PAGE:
Venezuela needs about 30 more jails
The government promised to build 15 detention centers
Only four months ahead of the presidential elections, Iris Varela, the minister of Penitentiary Services, announced that eight new penitentiaries are being built in Venezuela. The announcement was made on the same eve as the loot resulting from a comprehensive inspection carried out at La Planta Prison, southwest Caracas, on Sunday, June 3rd was displayed through mass media. According to Varela, the new penitentiaries should be ready by March 2013.
The project will commence in early August as construction work on the first three of 24 prisons scheduled to be built is set to take place.
Nevertheless, Humberto Prado, the director of the Venezuelan Prison Watch (OVP), believes that 15 judicial detention centers and 15 prisons, with a capacity of 500 inmates each, must be built so that 15,000 new spaces are created.
According to estimates by this NGO, there are approximately 52,000 inmates in the country; 47,000 of them are allocated to prisons while the remaining 5,000 are held in municipal and state police detention centers. Venezuelan Prison Watch claims that Venezuelan prisons are designed to hold only 14,500 people.
Prado believes that judicial detention centers must be built in locations with a significant number of inmates.
Venezuelan Prison Watch, through a plan labeled "Five Steps to Rebuild the Penitentiary System," recommend development of a penitentiary in the coastal state of Vargas as the Macuto police station is overcrowded, and inmates from that coastal region are sent off to prisons in neighboring Miranda state. The plan also includes a new penitentiary in Puerto Cabello, in northern Carabobo state, a center for convicts and a correction facility for Puerto Ordaz, in southern Bolívar state, as well as a remodeling project for the Vista Hermosa jail, also in Bolívar state. In addition, a penitentiary is recommended for Cabimas, in western Zulia state, and a detention center to address overcrowding at the Sabaneta and Colón prisons, in Zulia state.
Prado also believes that Caracas and Cojedes, west Venezuela, need penitentiaries as the ones previously existing in the capital city were shutdown, and Cojedes never even had one to begin with. A maximum-security prison is needed, according to Prado, to protect the physical wellbeing of inmates who become victims of highly dangerous offenders. OVP reports that from 1999 to 2011, 5,066 inmates have been murdered, and 14,460 have been injured within the Venezuelan penitentiary system.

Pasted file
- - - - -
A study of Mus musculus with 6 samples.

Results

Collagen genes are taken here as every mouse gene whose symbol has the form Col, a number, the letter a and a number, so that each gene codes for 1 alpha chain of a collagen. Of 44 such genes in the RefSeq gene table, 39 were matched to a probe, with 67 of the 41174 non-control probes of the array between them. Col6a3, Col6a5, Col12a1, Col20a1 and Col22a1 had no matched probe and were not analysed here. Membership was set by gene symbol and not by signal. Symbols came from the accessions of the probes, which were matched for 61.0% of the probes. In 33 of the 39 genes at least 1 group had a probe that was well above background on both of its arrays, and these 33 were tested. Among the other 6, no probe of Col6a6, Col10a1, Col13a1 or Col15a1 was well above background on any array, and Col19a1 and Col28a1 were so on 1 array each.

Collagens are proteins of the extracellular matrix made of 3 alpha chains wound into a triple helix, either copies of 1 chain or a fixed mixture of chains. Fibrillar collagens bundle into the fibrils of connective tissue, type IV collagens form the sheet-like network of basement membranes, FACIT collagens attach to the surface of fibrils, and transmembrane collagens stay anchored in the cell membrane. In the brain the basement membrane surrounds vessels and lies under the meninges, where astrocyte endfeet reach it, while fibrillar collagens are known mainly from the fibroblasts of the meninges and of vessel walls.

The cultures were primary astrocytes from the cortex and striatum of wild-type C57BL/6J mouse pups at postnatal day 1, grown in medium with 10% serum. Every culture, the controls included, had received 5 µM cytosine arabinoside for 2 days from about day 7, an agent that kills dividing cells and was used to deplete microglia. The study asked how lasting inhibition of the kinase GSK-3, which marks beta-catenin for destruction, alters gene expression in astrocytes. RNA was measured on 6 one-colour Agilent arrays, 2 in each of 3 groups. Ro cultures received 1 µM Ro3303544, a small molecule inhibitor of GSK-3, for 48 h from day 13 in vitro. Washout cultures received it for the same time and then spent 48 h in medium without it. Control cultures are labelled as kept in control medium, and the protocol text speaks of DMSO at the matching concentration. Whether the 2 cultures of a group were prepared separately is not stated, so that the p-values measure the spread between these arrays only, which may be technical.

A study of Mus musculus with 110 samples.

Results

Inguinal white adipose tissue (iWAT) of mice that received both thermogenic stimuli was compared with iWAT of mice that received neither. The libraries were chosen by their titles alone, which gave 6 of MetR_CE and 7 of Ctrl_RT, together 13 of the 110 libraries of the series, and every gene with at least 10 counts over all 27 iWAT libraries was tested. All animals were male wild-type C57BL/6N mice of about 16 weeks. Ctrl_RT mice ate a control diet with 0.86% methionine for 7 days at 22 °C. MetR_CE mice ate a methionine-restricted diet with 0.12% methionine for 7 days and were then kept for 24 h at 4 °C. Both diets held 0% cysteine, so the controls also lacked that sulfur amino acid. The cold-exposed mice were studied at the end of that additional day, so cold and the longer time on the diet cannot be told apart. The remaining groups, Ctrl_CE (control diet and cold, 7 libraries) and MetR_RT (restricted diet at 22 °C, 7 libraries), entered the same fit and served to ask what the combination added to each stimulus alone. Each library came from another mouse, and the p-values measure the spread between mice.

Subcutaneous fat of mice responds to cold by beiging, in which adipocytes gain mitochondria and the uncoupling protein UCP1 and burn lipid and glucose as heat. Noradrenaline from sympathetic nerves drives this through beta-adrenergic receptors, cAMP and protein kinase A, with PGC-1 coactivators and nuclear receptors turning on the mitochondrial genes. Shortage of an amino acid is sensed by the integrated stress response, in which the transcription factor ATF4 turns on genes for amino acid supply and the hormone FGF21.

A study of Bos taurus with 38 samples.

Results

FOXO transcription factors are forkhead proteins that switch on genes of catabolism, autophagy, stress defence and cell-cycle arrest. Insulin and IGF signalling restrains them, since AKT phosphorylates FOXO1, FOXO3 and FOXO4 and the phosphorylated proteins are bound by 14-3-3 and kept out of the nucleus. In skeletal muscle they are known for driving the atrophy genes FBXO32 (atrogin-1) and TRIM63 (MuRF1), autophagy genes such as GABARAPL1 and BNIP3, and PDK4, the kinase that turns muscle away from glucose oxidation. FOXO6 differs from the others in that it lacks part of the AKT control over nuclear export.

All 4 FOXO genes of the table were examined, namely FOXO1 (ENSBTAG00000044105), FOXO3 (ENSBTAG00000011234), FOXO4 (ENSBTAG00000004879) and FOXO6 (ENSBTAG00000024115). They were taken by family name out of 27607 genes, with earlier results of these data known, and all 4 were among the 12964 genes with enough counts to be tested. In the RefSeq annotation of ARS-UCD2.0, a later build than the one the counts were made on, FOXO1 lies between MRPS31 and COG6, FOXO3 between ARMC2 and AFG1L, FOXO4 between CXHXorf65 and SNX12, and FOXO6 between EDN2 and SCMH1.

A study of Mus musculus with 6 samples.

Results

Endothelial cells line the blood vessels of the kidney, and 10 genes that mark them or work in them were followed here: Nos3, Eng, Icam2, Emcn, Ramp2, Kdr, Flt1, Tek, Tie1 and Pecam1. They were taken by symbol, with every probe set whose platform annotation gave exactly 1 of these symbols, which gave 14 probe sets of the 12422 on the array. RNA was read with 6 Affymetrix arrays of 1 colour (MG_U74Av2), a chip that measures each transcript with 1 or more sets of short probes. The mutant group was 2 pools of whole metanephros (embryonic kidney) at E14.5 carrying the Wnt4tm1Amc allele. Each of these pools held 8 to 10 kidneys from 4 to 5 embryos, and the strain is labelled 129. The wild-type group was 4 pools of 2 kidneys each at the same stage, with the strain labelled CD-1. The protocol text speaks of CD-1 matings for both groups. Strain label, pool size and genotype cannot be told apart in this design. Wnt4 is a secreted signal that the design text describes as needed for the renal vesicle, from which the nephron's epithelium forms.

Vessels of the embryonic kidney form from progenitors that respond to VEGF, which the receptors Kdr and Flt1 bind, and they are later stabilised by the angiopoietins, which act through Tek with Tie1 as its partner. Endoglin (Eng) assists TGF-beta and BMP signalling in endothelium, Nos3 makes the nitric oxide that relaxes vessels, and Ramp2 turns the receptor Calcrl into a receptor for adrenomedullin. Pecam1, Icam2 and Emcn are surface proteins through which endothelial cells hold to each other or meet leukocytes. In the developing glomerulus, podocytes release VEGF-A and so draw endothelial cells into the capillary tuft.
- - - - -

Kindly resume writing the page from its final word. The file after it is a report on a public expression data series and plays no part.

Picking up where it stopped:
Thirteen years into this government, 11 different plans and policies have been announced to address the correctional situation, including the Humanization Plan for the Penitentiary System.
Whatever happened to "humanization within prison walls"?
A 2010 report by NGO Provea recalled, in its section on the rights of offenders, the national government's promise in its so-called Humanization Plan for the Penitentiary System to build 10 penitentiary communities that would hold 8,100 convicts; five extensions for 2,130 inmates; five socialist production centers for 1,575 offenders; and five maximum-security centers for 1,250 detainees.
Overall, the "humanization plan" was scheduled to build 15 penitentiaries over a five-year period. The project, which should have taken place from 2006 to 2011, estimated 13,055 new spaces for inmates in Venezuelan jails.
However, during the government's 13-year tenure, only 2,700 slots have been created. The report also highlighted that just four of the 15 facilities promised were built, namely, the Minimum-Security Penitentiary of Carabobo (an extension of the Tocuyito Prison) (2007), the Penitentiary Community of Coro (2008), the Yare III Penitentiary (extension) (2009) and the Female Penitentiary of the Insular Region (2009).
Translated by Félix Rojas Alva
Luis Jiménez Alfaro seems to have hidden under the rocks. The last time he was seen was on April 2006 walking calmly around Simón Bolívar International Airport of Maiquetía, located nearby Caracas. At that time, more than five tons of cocaine arrived in Mexico in an airplane which took off from Venezuela, and his name featured as a missing piece of the puzzle of one of the most massive drug shipments that has been witnessed in the Western Hemisphere.